Why is STOA169 built with 121 columns? 

The original idea for the project was born more than 30 years ago. The first model was created in the 1990s. 

The concept of 13 x 13 columns also dates from this time. During many years of planning and development, which were repeatedly interrupted, the project was subject to several changes. In 2017/18, the expert jury nominated over 200 artists who were invited to participate in STOA169. Not all artists could accept the invitation. Some lacked the time either as they were pursuing other artistic projects, others had reached an advanced age or have even passed away in the meantime, some have cancelled their participation for conceptual reasons. All this had an impact on the concept of the columned hall until the end. As STOA169 stands for an overall artistic concept that is supported by artists from all over the world, coming from three generations, shifts in this balance required corresponding adjustments.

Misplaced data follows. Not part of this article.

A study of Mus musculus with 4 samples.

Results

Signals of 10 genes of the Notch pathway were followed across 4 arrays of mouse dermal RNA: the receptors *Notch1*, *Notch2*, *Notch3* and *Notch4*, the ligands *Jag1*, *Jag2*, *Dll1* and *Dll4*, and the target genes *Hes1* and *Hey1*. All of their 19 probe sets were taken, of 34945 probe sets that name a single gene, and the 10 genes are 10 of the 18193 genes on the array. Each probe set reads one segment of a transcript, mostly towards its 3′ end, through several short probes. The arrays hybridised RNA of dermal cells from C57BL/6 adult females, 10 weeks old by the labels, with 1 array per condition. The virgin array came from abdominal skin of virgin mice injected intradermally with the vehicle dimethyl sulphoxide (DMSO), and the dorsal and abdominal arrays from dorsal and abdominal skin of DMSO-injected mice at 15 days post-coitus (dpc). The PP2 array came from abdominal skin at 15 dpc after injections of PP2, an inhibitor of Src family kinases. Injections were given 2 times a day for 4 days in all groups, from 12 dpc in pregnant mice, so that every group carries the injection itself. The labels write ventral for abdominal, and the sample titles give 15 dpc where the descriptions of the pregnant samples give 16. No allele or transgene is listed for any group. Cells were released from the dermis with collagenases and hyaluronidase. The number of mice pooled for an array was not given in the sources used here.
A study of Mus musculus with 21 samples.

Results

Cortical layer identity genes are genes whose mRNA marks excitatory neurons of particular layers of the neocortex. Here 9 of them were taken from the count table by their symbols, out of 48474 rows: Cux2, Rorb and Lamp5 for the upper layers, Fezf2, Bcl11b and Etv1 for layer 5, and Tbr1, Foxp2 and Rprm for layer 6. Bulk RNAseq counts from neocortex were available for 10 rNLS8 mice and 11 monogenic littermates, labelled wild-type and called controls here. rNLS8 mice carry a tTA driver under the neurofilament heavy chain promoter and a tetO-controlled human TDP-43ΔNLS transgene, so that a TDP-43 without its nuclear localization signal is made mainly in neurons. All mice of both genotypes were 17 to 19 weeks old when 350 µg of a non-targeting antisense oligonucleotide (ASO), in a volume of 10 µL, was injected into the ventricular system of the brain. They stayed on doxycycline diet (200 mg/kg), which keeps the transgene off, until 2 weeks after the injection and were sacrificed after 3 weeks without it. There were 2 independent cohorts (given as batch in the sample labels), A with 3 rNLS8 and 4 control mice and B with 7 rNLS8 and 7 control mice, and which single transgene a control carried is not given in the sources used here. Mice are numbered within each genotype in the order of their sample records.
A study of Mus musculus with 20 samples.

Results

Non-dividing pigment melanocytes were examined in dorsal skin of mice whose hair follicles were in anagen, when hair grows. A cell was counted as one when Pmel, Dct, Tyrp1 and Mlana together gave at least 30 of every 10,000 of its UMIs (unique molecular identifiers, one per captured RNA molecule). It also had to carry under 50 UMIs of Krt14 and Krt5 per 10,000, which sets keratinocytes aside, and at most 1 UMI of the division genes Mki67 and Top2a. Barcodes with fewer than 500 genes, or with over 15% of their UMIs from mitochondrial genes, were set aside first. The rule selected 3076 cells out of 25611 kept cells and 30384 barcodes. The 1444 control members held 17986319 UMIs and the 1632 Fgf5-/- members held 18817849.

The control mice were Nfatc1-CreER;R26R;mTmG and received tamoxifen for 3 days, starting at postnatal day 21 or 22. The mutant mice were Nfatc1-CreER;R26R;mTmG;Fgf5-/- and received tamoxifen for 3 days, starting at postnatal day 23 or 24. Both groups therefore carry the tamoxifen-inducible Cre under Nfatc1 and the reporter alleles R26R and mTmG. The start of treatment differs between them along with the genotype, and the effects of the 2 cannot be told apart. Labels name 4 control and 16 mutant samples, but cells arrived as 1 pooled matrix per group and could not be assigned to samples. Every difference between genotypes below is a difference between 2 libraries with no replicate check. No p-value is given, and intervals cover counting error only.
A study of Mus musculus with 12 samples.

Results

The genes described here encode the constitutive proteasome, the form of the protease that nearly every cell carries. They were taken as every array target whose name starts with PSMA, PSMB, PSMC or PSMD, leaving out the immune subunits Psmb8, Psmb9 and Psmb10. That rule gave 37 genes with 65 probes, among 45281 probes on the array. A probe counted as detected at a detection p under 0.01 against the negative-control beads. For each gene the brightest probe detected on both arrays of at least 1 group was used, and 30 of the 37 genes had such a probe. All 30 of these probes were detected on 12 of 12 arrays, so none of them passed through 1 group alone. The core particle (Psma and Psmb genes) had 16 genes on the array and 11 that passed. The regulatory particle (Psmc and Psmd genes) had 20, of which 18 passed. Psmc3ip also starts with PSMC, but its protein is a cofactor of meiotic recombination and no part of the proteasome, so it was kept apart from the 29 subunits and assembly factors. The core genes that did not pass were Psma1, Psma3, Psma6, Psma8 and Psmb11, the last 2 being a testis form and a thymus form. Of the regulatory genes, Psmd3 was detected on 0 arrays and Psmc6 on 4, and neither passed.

The Board of Trustees of the STOA169 Foundation considered different possibilities and finally decided unanimously that the reduction of the number of columns from 13 x 13 to 11 x 11 was the only right solution. For the success of STOA169, it is important to concentrate on the essential, namely the joint and collaborative realisation as well as artistic quality, and not to adhere to a detail that seemed right in the planning phase, but turned out differently during the implementation. The original project name STOA169 will be maintained, as well as the concept of an odd number, a prime number. The columned hall has a geometrical centre and opens equally to all sides. One of the central ideas of STOA169 is to achieve a harmonious relationship between visual arts and the surrounding nature. This aspect played a decisive role in the consideration and decision of reducing the number of columns. The reduction sets a sign of self-restraint and has the effect of minimising the extent of construction work. The savings benefit the entire hall and its surroundings accordingly, whereby the concept of a global hall of art is by no means weakened. On the contrary, the constant rethinking and adjustment of all details are essential for the success of the STOA169 columned hall. All the more since there are hardly any comparable projects worldwide whose experience can be drawn upon. 

A subsequent expansion of the columned hall to the originally planned 169 columns is still possible, perhaps a task for the next generation.